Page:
Jennifer Wells: Hudson’s Bay should stay public — so we can see what chair Richard Baker is up to

During a conference call with analysts on Tuesday, Helena Foulkes, chief executive officer of the Hudson’s Bay Co., was asked how the all-important Christmas season was shaping up for the Bay.

“In early November we were quite soft in Canada,” Foulkes replied. But that was followed by better news: the retailer went on to experience what Foulkes described as a “good Thanksgiving.”

The comment may have gained no notice among the number crunchers. But for anyone fussy about heritage and history and, well, Canada, suggesting that Canadians celebrate Thanksgiving in November underscored what has long seemed a dissonant relationship between the storied retailer’s American rulers and beleaguered Bay shoppers wondering what’s next for the chain.

Third-quarter results tell a story of a turnaround not yet in sight. Peeling away the sales performance at Saks and Saks Off 5th, Bay store sales decreased 3.9 per cent from the comparable quarter in 2018. Adding in the Saks operation and peeling away losses from discontinued operations for the company overall, HBC posted a loss of $175 million compared with a $70-million loss in 2018.

Having exited various ill-conceived adventures — the Netherlands operation filing for protection from creditors, by example — the Bay bricks-and-mortar stores make up the draggiest part of the operation.

Foulkes noted a positive trend in the “home” category at Bay stores, but a challenging evolution in apparel as management continues to edit out hundreds of old brands while introducing more “fashion forward” lines. “It’s not moving as fast as I would like to see it moving, quite frankly,” she told analysts. In a press release Foulkes noted “the challenge of winning back market share in Canada.”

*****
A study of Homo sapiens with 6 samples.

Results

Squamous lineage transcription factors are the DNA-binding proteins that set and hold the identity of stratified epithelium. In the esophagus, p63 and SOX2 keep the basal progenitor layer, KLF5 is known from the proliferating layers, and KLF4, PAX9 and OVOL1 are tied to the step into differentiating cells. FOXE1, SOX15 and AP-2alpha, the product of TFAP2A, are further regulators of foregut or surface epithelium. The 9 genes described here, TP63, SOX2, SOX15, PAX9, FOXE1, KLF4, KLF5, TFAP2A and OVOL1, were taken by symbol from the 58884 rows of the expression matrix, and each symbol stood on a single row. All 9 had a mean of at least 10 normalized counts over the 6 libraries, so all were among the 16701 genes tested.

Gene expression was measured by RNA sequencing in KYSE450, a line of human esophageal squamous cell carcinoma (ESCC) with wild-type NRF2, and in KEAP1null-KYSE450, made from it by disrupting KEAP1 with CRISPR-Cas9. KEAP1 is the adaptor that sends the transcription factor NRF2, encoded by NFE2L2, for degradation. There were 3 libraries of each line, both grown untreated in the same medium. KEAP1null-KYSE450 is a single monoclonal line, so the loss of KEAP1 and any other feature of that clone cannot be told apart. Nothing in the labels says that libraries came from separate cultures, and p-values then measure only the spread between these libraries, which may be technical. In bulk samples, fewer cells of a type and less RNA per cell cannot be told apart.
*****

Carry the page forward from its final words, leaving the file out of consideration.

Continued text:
Who else is confident that Foulkes is driving the chain on what she calls the “right journey?”

It’s easy to lose track of the consumer-centric story line as HBC plays through a high-level battle led by chairman Richard Baker, backstopped by shareholders who hold 57.7 per cent of the company, to take HBC private. Baker’s $10.30-a-share offer is set to go to a shareholder vote next week.

Maybe.

On Wednesday the Ontario Securities Commission will consider an application brought forward by activist investor Catalyst Capital, which argues that the share offer is inadequate and that the Baker group should be “prohibited permanently” from proceeding with the buyout. Failing that, Catalyst, with 17.5 per cent of the shares, requests that the commission issue an interim order postponing the meeting, scheduled for Dec. 17. Catalyst has made its own $11-a-share offer.

For Baker’s proposal to succeed, a majority of the minority shareholders must vote in favour. The chances of that happening are surely diminished by the recommendation issued by Institutional Shareholder Services.

Citing inadequacies in the diligence conducted by the special committee struck to determine the best path forward for the company, ISS, which is enormously respected in these matters, has recommended that shareholders vote against the Baker group’s offer. “There is no legitimate rationale from a governance perspective for recommending that shareholders accept C$10.30 cash per share in light of what appears to be a legitimate outstanding offer to purchase the company at a higher price,” ISS concludes, advising shareholders to vote against the Baker offer.

Interestingly, the ISS examination of Baker’s actions juxtaposes HBC’s sale of certain European operations with the announced decision to try to go private, an offer initially priced at $9.45. In its Dec. 6 research note ISS drilled into the matter thusly: “In light of i) the materiality of the SIGNA transaction to HBC’s value, ii) the possible conflict of interest between Baker as executive chairman voting on an asset sale and Baker as unsolicited acquirer, and iii) the absence of a positive disclosure that members of the continuing shareholder consortium had no knowledge of the SIGNA transaction, it is reasonable that shareholders could question whether material nonpublic information was used to assemble the consortium of continuing shareholders.”

If the securities commission is paying attention, it should conclude Wednesday that it has little choice but to hit pause on Baker’s latest round of deal making.


Helena Foulkes insists it hardly matters whether HBC goes forward as a public or private entity. I disagree. Only through its public disclosures have we been able to examine what Baker is up to.